Sunday, June 27, 2010

Sam Vaknin: The Ten Errors of Science Fiction

Global Politician columnist Sam Vaknin argues in a recent article that science fiction is guilty of ten specific mistakes when postulating the characteristics of advanced extraterrestrial life. Specifically, he contends that sci-fi writers consistently buy into fallacies about:
  1. Life in the universe
  2. The concept of structure
  3. Communication and interaction
  4. Location
  5. Separateness
  6. Transportation
  7. Will and intention
  8. Intelligence
  9. Artificial vs. natural
  10. Leadership
While the article certainly raises some food for thought, Vaknin's call for writers to think more 'outside of the box' is a bit of a stretch, if not condescending. Science fiction writers, for the most part, take great pains to weave a coherent narrative around novel imaginings of what ETIs might look like. Moreover, Vaknin is himself guilty of considerably hand-waving, arguing that ETIs may be existentially and qualitatively of a different sort than what we might expect, but at the same time he doesn't provide any substantive or compelling evidence for us to believe otherwise.

Sure, I agree that ETIs may be dramatically different than what we can imagine and that they may exist outside of expected paradigms, but until our exoscience matures we should probably err on the side of the self-sampling assumption and figure that the ignition and evolution of life tends to follow a similar path to the one taken on Earth. Now, I'm not suggesting that we refrain from hypothesizing about radically different existence-states; I'm just saying that these sorts of extraordinary claims (like alternative intelligences spawning different quantum realities) require the requisite evidence. It's far too easy to fantasize about some kind of energy-based hive-mind living in the core of asteroids, it's another thing to prove that such a thing could come about through the laws of physics [my example, not Vaknin's].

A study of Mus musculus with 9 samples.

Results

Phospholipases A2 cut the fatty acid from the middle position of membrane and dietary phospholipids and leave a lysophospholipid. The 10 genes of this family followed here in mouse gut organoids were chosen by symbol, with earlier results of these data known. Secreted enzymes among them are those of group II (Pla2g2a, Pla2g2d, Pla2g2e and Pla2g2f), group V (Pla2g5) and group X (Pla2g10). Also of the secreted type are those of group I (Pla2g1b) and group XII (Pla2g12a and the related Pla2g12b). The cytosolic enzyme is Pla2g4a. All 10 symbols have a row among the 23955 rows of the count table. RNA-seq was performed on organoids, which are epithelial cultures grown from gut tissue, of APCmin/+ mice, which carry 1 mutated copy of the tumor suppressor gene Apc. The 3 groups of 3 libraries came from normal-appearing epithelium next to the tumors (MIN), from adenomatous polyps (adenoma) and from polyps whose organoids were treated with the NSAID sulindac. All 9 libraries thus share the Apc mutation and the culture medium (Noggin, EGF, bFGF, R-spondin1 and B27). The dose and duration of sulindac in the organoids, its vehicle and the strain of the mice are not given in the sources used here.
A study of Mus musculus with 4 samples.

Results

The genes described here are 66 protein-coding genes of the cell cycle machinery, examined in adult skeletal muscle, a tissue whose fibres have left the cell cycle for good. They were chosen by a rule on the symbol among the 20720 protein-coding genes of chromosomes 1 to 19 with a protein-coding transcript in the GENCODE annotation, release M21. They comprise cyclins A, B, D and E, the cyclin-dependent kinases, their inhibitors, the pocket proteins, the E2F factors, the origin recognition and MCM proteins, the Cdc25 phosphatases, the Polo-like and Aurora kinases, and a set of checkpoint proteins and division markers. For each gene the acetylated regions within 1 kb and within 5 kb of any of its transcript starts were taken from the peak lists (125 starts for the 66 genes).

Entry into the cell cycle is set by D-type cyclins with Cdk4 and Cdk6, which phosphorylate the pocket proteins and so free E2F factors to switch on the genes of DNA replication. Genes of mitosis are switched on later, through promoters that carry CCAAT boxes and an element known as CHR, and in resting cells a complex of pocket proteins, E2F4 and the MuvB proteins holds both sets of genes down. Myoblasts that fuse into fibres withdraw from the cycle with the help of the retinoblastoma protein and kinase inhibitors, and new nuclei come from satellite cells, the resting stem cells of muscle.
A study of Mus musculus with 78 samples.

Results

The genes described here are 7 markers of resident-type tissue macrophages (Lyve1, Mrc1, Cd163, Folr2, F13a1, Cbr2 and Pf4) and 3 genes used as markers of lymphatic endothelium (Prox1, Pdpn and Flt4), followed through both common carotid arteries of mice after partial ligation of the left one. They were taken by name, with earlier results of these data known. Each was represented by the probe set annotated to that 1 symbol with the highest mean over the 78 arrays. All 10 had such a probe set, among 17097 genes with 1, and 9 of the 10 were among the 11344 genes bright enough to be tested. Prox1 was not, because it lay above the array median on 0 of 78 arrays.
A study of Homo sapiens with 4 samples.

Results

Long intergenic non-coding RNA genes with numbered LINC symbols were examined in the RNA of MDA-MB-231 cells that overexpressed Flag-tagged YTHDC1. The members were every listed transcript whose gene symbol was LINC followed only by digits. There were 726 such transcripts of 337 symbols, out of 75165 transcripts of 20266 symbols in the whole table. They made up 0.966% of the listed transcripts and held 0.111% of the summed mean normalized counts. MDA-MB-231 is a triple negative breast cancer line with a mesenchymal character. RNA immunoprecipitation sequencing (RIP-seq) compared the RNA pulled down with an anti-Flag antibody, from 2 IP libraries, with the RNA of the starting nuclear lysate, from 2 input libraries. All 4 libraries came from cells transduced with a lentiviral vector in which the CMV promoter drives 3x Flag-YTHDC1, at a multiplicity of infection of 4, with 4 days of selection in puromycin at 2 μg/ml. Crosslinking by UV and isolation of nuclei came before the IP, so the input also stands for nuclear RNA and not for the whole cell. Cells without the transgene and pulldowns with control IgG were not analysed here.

In the article, Vaknin also posits six basic explanations to the Fermi Paradox (and the apparent failure of SETI) that are not mutually exclusive:
  1. That Aliens do not exist
  2. That the technology they use is far too advanced to be detected by us and, the flip side of this hypothesis, that the technology we use is insufficiently advanced to be noticed by them
  3. That we are looking for extraterrestrials at the wrong places
  4. That the Aliens are life forms so different to us that we fail to recognize them as sentient beings or to communicate with them
  5. That Aliens are trying to communicate with us but constantly fail due to a variety of hindrances, some structural and some circumstantial
  6. That they are avoiding us because of our misconduct (example: the alleged destruction of the environment) or because of our traits (for instance, our innate belligerence) or because of ethical considerations
Very quickly, point number one is possible but grossly improbable, points two to five are essentially the same argument—that we don't yet know where, how and what to look for, and point six violates the non-exclusivity principle (explains some but not all ETI behavior). It's odd that Vaknin selected these particular six arguments. There are many, many potential resolutions to the FP with these not being particularly stronger than any other (though point #1 has a lot of traction among the Rare Earthers.). And where is the Great Filter argument, which is possibly the strongest of them all?

Nice try, Vaknin, but the Great Silence problem is more complex than what you've laid out.